Indiana rural schools seen falling aside from funding woes

Alex Modesitt, Tribune-Star

Rural school districts in Indiana are in dire straits, at least that's what the Friends of Public Education said at a rally on Saturday at North Central High School.

The rally was meant to reaffirm public education's importance in Indiana as some rural school districts struggle with shrinking revenue from the state.

Sullivan County's Northeast School Corp. Superintendent Mark Baker said in no uncertain terms that shrinking school enrollment and tightening budgets have set significant hurdles before his corporation. 

"Fifty years ago, in the year 1967, Northeast School Corp. had over 2,300 students in eight school buildings," Baker said. "In 2007, we had approximately 1,400 students. Today, we have 853 students in four buildings.

"With the loss of students comes the loss of revenue. Each student that moves away or attends a school outside our corporation is a loss of approximately $6,000. In the last eight years, the Northeast School Corp. has lost over $4.1 million in revenue."

As a result of those budget restrictions, Northeast decided to close two of its schools in 2013, Union Junior/Senior High and Dugger Elementary.

More tough decisions loom.

According to a story in Wednesday's Tribune-Star, the district presented three options that involved school closings earlier this year. The first two options involved closing the elementary schools at Hymera and Farmersburg, and the third option would also involve closure of the Shelburn school site.

Since then, three additional options have been added. One option involves no changes and maintaining the four existing schools. Another option calls for putting sixth-graders back in elementary schools and grades seven and eight back at the North Central site. The middle school in Shelburn would close.

The last option involves “seeing if there is any interest” in consolidating with Southwest Sullivan School Corp. “We’ve had discussions with a few board members from each school corporation … to see what everyone thought,” Baker said in a previous interview.

The Northeast Sullivan School Board is expected to make a decision related to the future of its schools during a meeting at 7 p.m. Monday at North Central High School.

On Saturday, Baker pleaded with all state legislators who'd listen to see the struggles of rural school districts and fight to find a way to help.

"I challenge [state legislators] to look past the urban areas of Indianapolis. I challenge them to look past the mega suburban schools that surround our capital city," Baker said.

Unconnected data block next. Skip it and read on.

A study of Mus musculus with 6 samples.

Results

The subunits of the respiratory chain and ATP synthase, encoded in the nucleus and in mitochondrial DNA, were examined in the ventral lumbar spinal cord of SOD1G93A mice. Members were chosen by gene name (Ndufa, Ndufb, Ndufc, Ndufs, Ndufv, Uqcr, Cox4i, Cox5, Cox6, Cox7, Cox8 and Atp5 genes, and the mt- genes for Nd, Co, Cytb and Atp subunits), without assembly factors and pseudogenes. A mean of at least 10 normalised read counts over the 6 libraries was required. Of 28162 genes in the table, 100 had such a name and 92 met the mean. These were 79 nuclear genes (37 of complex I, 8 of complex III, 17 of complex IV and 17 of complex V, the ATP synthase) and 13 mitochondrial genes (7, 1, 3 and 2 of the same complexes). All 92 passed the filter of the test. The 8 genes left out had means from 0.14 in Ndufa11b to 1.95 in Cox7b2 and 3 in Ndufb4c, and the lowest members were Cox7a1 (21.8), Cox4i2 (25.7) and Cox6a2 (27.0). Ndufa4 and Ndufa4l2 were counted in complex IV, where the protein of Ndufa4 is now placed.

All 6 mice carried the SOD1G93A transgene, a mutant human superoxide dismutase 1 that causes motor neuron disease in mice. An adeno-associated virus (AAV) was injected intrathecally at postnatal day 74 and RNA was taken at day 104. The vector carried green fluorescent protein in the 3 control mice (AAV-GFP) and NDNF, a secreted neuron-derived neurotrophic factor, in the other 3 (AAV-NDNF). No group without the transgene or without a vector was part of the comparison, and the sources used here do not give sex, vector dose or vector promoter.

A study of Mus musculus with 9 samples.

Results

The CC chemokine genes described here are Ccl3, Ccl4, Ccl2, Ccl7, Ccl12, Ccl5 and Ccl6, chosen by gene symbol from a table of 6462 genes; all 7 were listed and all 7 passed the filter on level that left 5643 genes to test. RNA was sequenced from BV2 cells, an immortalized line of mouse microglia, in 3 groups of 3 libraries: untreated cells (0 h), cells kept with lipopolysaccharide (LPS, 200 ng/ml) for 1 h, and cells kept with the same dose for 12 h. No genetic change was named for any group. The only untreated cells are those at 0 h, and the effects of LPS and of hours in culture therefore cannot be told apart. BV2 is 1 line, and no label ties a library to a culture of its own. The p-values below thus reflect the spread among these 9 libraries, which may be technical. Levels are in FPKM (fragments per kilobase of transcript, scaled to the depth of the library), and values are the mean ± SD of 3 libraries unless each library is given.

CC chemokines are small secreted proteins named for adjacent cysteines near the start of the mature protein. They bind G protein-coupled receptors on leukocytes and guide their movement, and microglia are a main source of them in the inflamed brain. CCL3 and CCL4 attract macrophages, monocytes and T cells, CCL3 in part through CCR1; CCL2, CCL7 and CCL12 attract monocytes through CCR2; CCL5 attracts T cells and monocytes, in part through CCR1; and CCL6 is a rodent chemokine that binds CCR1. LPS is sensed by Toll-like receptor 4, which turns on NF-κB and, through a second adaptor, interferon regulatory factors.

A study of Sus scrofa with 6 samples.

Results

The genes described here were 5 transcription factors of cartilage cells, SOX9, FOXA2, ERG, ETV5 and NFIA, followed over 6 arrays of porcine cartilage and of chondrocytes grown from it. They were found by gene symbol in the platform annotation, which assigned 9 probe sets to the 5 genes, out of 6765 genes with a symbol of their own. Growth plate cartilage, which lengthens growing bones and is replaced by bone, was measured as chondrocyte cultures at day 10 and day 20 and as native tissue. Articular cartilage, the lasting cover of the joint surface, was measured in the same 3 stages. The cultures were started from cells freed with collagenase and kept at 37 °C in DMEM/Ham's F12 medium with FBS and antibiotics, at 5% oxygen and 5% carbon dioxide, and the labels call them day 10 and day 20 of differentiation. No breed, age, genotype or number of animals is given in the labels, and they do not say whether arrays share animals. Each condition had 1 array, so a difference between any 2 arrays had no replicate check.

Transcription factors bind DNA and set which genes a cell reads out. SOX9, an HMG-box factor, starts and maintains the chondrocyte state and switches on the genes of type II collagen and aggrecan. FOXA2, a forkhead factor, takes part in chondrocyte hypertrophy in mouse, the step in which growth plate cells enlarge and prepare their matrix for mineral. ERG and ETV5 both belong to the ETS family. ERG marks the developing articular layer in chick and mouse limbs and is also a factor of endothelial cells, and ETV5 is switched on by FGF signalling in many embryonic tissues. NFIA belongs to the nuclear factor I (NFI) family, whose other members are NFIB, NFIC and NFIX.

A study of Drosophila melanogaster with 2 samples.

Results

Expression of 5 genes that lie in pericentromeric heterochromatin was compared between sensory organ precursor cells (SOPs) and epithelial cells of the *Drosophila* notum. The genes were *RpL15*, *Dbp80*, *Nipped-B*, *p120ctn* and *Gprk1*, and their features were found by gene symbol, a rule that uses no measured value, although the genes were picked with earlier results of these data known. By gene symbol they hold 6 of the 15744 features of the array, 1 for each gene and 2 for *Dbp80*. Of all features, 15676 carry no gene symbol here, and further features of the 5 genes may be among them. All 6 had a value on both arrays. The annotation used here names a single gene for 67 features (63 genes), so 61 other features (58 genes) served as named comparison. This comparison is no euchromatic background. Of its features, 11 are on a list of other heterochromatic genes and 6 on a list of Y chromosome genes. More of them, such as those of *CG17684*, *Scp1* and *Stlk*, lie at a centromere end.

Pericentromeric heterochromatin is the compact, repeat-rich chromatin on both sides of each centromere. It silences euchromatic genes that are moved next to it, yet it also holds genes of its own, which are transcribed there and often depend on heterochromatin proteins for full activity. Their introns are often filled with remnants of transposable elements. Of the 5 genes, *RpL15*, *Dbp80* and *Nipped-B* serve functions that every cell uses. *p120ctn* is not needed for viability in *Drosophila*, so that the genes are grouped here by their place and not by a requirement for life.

"See us. See us, the small, rural public school. See our challenges. See our financial shortfalls. Help us overcome. See what we have to offer. See why our communities love us and choose to stay here. Understand what a rural community family means and what it's all about."

Jim Exline, Democratic candidate for Indiana's 45th House district and 1974 North Central High School graduate, said he finds it odd that a rally for public education is necessary.

"It's like having a rally for apple pie or mom," Exline said. "Why in the world would you need to rally for public education? But for those of you on the front lines more than me, you see that public education is under attack in many sectors of our current government." 

Exline went on to detail how the current school funding formula "clearly favors urban and suburban schools," and argued a district's demographics shouldn't determine its education opportunities.

"The children and the families that live here deserve the same opportunity for an education as the kids in Carmel or Greenwood," Exline said.

Keith Gambill, vice president of the Indiana State Teachers Association and 1982 Dugger High graduate, said the problems facing Northeast aren't unique, pointing to the recent consolidation of Rockville and Turkey Run as an example.

He said as long as the state legislature continues to "choke off funding to rural school districts," the issue lies in Indianapolis and not in Sullivan County.

"The issue is not here in Sullivan County, the issue is at the state capital," Gambill said to a chorus of applause. "We must act now, ladies and gentleman. We must act now and put the pressure on our state government. We cannot afford to lose our Hoosier heritage any more than it has already happened."